Types of Human Resource Metrics
There are a number of HR metrics that are beneficial to an organization, which fall into either a quantitative or qualitative category. Quantitative metrics, which deal with hard numbers, generally hold more ground when attempting to provide strategic support to an organization, but many HR initiative results are hard to quantify. Alternatively, qualitative metrics can provide a valuable insight into general trends involving employee attitudes, motivation, and satisfaction, but these metrics are more subjective and inconclusive.
Since quantitative metrics are easier to observe, track, and analyze, they are the preferred method of HR reporting. The following five HR metrics are the easiest quantitative metrics an organization can track, and they are the most beneficial and easiest to calculate with certainty.
1. Recruitment Response Time
The amount of time it takes a recruiting department to fill a position is an important metric to track. The longer it takes for a department to post an advertisement, identify qualified applicants, complete pre-employment screenings and employment tests, and then extend an offer greatly influences an organization’s ability to maintain productivity levels and momentum during the period of transition. To add strategic value, an organization must find the optimal balance between reducing recruiting response times while still ensuring the best applicant is selected.
2. Candidate Acceptance Rates
Once an offer is extended, it is now the candidate’s turn to decide whether the company is a worthwhile investment. Deciding whether or not to accept a position can stem from initial feelings during the recruitment and interview process, but it can also result from the offered compensation, benefits package, and overall fit between a candidate and a company. In a perfect world, an organization’s acceptance rate would be 100%; however, there are times when other competing offers are more enticing and promising. Tracking candidate acceptance rates can help an organization determine whether its compensation, benefits, and organizational culture or initiatives are in alignment with market competitors.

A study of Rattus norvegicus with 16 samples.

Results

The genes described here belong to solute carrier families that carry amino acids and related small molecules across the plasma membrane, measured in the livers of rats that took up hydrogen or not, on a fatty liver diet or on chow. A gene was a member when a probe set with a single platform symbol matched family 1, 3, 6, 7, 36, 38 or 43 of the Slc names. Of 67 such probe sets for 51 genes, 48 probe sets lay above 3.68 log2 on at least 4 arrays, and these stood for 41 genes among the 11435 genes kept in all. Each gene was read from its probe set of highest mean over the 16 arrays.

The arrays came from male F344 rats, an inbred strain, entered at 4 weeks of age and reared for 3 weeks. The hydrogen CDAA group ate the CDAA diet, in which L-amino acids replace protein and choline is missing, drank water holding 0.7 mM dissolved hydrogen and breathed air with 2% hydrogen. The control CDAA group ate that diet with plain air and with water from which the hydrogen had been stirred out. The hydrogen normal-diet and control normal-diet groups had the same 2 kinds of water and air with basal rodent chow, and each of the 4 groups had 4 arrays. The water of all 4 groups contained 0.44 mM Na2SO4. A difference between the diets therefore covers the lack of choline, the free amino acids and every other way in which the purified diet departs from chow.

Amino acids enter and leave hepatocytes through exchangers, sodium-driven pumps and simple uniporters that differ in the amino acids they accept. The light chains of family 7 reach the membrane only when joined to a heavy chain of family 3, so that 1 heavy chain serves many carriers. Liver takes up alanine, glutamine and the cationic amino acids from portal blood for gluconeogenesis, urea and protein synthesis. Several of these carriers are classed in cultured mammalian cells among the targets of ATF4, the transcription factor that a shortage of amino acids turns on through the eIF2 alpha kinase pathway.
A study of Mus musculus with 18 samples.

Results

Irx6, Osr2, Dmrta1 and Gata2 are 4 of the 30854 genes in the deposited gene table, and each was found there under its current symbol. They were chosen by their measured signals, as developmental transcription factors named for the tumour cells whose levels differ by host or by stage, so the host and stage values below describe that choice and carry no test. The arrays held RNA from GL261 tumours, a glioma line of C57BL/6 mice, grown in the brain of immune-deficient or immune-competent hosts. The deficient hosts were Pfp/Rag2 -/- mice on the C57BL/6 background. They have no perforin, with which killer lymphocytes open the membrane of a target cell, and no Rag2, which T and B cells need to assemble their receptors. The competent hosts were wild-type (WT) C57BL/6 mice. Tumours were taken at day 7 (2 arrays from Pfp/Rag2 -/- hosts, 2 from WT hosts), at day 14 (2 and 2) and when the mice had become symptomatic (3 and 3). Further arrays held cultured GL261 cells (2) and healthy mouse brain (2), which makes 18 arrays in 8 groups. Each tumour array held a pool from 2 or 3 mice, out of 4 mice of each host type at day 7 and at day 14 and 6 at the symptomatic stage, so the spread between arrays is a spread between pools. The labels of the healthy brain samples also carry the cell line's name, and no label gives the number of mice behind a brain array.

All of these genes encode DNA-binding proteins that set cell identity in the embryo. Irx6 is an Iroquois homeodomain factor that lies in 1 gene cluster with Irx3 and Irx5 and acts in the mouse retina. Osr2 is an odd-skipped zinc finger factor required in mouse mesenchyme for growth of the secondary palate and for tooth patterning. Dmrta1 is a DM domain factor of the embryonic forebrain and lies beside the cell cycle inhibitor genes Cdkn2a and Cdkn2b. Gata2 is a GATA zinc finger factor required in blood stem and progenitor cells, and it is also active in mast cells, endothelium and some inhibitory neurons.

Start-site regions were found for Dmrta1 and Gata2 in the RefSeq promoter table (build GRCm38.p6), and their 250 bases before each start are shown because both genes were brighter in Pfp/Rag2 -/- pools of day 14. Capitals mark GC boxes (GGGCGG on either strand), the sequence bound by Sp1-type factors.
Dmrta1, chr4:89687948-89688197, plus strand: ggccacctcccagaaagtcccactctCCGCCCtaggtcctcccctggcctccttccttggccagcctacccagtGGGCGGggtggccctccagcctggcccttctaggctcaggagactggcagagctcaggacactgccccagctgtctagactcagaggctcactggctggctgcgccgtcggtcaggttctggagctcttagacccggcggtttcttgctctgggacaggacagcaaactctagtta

3. Compensation Value Added
Any strategic initiative must add value to the organization or its bottom line, and this is no different when considering human resource initiatives. One way to determine whether a company’s increases in payroll expenditures (the largest fixed cost for a business) are justified is to compare the annual percentage increase in salary with the annual percentage increase in revenues. The goal is to ensure that for every percentage increase in salary, the company is seeing at least the same increase in revenue. However, as a strategic HR initiative, the goal should be to see a much higher increase in revenue compared to salary increases.
4. Absenteeism/Turnover Rates
Two other key human resource metrics are a company’s absenteeism and turnover rates. The higher a business’s absenteeism rate, the higher its turnover rate will be. Therefore, to yield more reliable results, it is better to track separate instances of absenteeism rather than the number of total days because it is a better indicator of dissatisfaction and impending turnover. Furthermore, when tracking turnover rates, be sure to specify whether to track all employees, only skilled/professional positions, voluntary/involuntary turnover, and internal/external turnover. Any inconsistencies in the tracking methods can skew results.
5. Retention Rates
The last HR metric is to observe retention rates. To ensure this metric provides the most value to an organization, it is highly recommended that retention rates be tracked in categories. First, track turnover separately for entry-level and professional-level positions. And second, track turnover by duration, such as 30-days, 60-days, 90-days, and 1-year. The more data gathered by type of position and duration of employment, the more helpful retention rates are to organizations when attempting to increase retention.